As Yosemite tries to keep the tourist impact at a distance, the ring of tiny towns, known as the gateway communities, is suddenly taking on more importance. Residents are worried that the park is moving too fast in reducing the number of people on the valley floor. Without a comprehensive day-use system in place, they say the park will hurt the very towns it will need to accommodate people staying outside the park in the future.
Down in Oakhurst, Calif., the locals are buzzing. The name of one prominent Yosemite memorabilia store may be 'Good Ol' Daze,' but like most of the town, Chamber of Commerce member and owner Chuck Nugent is more concerned about the future. With the gate fee hike to $20, Mr. Nugent's business, a half-hour from the park, has dropped off by 25 percent. The store owner says the cut is mainly from locals who don't want to pay the increase for a quick visit, but also is a result of tourist uncertainty created by Yosemite's devastated campsites.
Nugent points out that the Park Service hasn't yet figured out the details of a shuttle system to accommodate people who stay outside the park. He thinks people will stay away if they believe they can't get in. He's buffered himself from Yosemite's potentially rocky transition into the 21st century by going high-tech. His Web site (www.sierranet.net/net/daze) has created a worldwide customer base, which allows him to say with a smile, "if nobody walks through that door for a whole lot of tomorrows, I'm still OK."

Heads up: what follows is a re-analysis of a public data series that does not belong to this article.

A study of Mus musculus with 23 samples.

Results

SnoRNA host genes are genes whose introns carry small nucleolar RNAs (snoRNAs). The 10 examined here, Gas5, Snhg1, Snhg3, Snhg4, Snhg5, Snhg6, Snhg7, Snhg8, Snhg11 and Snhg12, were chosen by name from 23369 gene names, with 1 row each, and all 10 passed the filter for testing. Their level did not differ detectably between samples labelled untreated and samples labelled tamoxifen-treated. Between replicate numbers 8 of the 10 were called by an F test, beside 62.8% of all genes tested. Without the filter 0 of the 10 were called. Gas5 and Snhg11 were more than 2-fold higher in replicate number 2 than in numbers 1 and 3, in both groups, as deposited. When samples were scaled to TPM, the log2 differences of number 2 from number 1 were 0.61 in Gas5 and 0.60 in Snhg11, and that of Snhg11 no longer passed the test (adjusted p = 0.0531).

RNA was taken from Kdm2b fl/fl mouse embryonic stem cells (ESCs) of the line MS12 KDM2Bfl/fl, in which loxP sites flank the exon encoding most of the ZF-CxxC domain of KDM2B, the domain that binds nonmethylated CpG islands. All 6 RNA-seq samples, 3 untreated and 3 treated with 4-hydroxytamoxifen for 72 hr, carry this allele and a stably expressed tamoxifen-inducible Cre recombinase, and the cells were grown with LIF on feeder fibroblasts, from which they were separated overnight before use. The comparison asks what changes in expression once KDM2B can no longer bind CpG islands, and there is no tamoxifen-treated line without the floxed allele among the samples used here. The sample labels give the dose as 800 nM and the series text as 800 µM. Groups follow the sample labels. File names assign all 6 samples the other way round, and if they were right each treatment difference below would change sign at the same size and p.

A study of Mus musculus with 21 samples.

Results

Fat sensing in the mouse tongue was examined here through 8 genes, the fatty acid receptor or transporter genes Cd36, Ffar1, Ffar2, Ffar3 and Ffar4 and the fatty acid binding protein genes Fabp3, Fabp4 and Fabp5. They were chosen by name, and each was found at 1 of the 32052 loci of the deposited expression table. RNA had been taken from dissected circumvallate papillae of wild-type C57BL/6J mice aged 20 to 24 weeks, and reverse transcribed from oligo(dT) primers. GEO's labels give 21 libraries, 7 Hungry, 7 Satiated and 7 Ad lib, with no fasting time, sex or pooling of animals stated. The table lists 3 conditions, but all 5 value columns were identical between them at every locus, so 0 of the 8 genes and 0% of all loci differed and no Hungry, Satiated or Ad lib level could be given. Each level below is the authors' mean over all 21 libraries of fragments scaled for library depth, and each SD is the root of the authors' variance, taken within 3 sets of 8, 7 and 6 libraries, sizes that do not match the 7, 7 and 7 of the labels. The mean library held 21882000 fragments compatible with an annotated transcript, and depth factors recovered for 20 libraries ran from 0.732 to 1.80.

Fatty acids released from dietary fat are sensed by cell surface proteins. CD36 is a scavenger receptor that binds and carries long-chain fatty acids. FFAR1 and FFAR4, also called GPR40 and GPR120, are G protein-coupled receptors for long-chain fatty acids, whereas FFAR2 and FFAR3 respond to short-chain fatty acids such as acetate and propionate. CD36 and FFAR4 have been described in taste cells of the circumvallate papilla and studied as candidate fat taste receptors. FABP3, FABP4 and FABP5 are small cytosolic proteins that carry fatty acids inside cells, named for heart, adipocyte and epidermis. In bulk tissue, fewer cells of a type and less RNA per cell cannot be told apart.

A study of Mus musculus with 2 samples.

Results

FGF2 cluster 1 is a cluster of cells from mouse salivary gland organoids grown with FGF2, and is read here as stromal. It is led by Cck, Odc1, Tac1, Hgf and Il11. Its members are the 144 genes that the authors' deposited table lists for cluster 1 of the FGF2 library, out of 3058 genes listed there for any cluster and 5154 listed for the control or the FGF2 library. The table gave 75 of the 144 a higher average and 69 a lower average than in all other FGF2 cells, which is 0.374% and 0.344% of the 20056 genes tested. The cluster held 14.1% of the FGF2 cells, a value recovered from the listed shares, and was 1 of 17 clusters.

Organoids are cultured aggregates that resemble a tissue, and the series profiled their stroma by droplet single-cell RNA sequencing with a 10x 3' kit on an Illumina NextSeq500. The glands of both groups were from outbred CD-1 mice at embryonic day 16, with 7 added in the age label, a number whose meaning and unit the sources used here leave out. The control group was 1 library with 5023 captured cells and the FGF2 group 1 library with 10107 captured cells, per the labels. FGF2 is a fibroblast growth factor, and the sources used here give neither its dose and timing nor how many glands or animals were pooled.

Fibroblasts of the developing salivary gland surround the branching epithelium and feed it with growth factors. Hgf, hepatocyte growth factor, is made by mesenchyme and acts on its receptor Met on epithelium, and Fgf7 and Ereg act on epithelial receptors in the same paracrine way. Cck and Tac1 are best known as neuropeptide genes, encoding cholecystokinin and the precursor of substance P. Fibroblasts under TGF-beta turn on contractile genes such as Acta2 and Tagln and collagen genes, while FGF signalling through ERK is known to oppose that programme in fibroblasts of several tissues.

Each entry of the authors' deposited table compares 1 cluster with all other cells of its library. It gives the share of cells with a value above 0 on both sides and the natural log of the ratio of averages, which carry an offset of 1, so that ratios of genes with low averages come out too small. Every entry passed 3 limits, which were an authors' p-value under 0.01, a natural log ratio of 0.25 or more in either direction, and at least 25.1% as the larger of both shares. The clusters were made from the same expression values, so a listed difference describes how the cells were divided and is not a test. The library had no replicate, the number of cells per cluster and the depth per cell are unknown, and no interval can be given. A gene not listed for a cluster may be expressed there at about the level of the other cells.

Customers over at Fish Camp's Tenaya Lodge have to actually walk through its doors or there will be no tomorrows. General manager Paul Ratchford led the fight this spring when the Park Service proposed an advance reservation system for cars entering the park. Just prior to opening for the summer, park officials backed off from the idea, but Mr. Ratchford is concerned.
"The gateway communities are vital to accommodate people who want to come but can't stay in the park," he notes, adding that his hotel created a plan to reduce its reliance on Yosemite. "We needed to create a destination here that would allow a family to come and not rely on a visit into Yosemite."
Tenaya's full-service resort concept fits that bill, but Ratchford would like to see the Park Service help the gateway communities. "Our towns provide the core product for people who haven't planned years in advance and who can't pay for the Awahnee," he adds, referring to the pricey Craftsman-style lodge in the heart of the valley.